Laredo nonprofit steps up to feed thousands of families in need during COVID-19 pandemic

Leaders say they have ‘seen the face of poverty change’

Just like the familiar images of seemingly endless food lines in San Antonio, the twice-weekly distribution at Holding Institute Community Center in Lardo, Texas may be smaller, but the demand is still the same.
Just like the familiar images of seemingly endless food lines in San Antonio, the twice-weekly distribution at Holding Institute Community Center in Lardo, Texas may be smaller, but the demand is still the same.

LAREDO, Texas – Just like the familiar images of seemingly endless food lines in San Antonio, the twice-weekly distribution at Holding Institute Community Center in Laredo may be smaller, but the demand is still the same.

Pastor Mike Smith said before the pandemic, the nonprofit helped under 100 families and now sees 250 to 300 families a week, representing several thousand within those households.

“That’s a dramatic increase for us,” Smith said. “The question is, how do we keep it up for so long? I don’t know.”

Like nonprofits nationwide, he said that without the needed financial contributions because of the pandemic, the center is one of only a few in Laredo still standing with the community.

Yet, Smith said, the demand has grown with 80% of those in need now unemployed, from restaurant workers to home health aides known as “palomitas” or little doves, who’d assisted the homebound now in self-quarantine.

Smith said the center has seen the face of poverty dramatically change, with many asking for help for the first-time.

Embarrassed and unaware of how to go about it, Smith said he tells them, “I’ll take your word for it. I’m not going to ask you to show proof of income. If you tell me that you need this and that your household is this size, we’re here to help you.”

Smith said the center is still trying to help feed asylum seekers stranded in Nuevo Laredo, awaiting their hearings in the United States.

Before COVID-19 spread on both sides of the border, Smith said, “It was fairly easy to get food into Mexico. Now, it’s difficult.”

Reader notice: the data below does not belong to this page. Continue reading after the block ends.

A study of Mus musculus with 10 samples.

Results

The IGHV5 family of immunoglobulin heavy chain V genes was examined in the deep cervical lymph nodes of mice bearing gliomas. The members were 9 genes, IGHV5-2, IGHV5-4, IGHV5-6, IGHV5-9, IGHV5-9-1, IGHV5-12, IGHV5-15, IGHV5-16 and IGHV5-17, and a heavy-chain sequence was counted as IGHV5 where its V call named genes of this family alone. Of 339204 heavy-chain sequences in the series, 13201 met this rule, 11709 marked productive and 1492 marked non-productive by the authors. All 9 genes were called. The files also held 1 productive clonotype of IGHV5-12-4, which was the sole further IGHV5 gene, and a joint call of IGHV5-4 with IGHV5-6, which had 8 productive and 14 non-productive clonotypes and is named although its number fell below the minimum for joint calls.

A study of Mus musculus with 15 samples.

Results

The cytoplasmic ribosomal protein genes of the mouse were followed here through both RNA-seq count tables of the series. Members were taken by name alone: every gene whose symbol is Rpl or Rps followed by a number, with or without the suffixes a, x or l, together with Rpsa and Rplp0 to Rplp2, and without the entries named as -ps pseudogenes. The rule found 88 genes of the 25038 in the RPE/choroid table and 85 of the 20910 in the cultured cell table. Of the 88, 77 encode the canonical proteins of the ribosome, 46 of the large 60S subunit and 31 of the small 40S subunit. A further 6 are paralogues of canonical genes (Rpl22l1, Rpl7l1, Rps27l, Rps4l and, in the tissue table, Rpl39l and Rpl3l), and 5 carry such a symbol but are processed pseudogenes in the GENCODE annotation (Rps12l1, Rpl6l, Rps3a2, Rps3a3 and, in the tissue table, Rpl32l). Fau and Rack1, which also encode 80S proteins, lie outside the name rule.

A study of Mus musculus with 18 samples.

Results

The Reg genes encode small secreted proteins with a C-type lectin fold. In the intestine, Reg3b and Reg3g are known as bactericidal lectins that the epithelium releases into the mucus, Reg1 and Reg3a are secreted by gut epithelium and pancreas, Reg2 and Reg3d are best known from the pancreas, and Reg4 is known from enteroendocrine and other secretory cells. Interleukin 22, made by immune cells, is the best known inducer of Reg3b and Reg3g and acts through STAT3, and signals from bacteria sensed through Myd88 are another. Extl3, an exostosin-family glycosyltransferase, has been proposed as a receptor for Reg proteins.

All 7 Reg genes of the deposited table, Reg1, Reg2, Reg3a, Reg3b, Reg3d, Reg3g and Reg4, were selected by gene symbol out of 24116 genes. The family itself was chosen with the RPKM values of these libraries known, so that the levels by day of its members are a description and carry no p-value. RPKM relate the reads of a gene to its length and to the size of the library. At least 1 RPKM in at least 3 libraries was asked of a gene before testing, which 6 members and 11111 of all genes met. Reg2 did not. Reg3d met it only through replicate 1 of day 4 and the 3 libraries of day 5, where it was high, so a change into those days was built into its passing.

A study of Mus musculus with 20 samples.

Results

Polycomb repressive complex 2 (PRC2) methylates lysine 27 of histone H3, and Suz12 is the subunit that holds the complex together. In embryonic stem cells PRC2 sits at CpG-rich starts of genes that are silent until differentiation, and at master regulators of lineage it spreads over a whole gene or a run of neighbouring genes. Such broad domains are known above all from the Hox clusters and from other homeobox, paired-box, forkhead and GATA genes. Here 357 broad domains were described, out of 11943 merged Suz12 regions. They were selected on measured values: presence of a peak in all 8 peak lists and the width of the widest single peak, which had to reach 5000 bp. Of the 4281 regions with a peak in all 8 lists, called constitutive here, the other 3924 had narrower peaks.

Even so, Smith said, “We’re very careful in how we transport food, how we get it there.”

“But I can tell you that we transport several hundred pounds of food every week to shelters directly across from us,” Smith said.

The pastor said the center also tries to provide participants with personal protection equipment.

“If you think it’s hard to get here, it’s so much harder to get in Mexico,” Smith said. “So, included in the food we send are face masks, hand sanitizers, gel, stuff like that -- cleaning supplies, as much as we can.”

Vicente Hernandez, who is temporarily staying at the Holding Institute Community Center while he awaits his housing assistance, said Smith has “a heart for the people.”

Hernandez said the Bible has taught him, “Those that help the poor and the needy really know God.”

Smith said despite the challenges of never knowing what food banks in Laredo can provide or whether it will be enough, somehow, the Holding Institute Community Center fulfills its mission.

“I know that we have to trust in something bigger and better than ourselves if we’re able to do this,” Smith said.

Related: Federal travel restrictions impact Laredo economy


About the Authors:

Jessie Degollado has been with KSAT since 1984. She is a general assignments reporter who covers a wide variety of stories. Raised in Laredo and as an anchor/reporter at KRGV in the Rio Grande Valley, Jessie is especially familiar with border and immigration issues. In 2007, Jessie also was inducted into the San Antonio Women's Hall of Fame.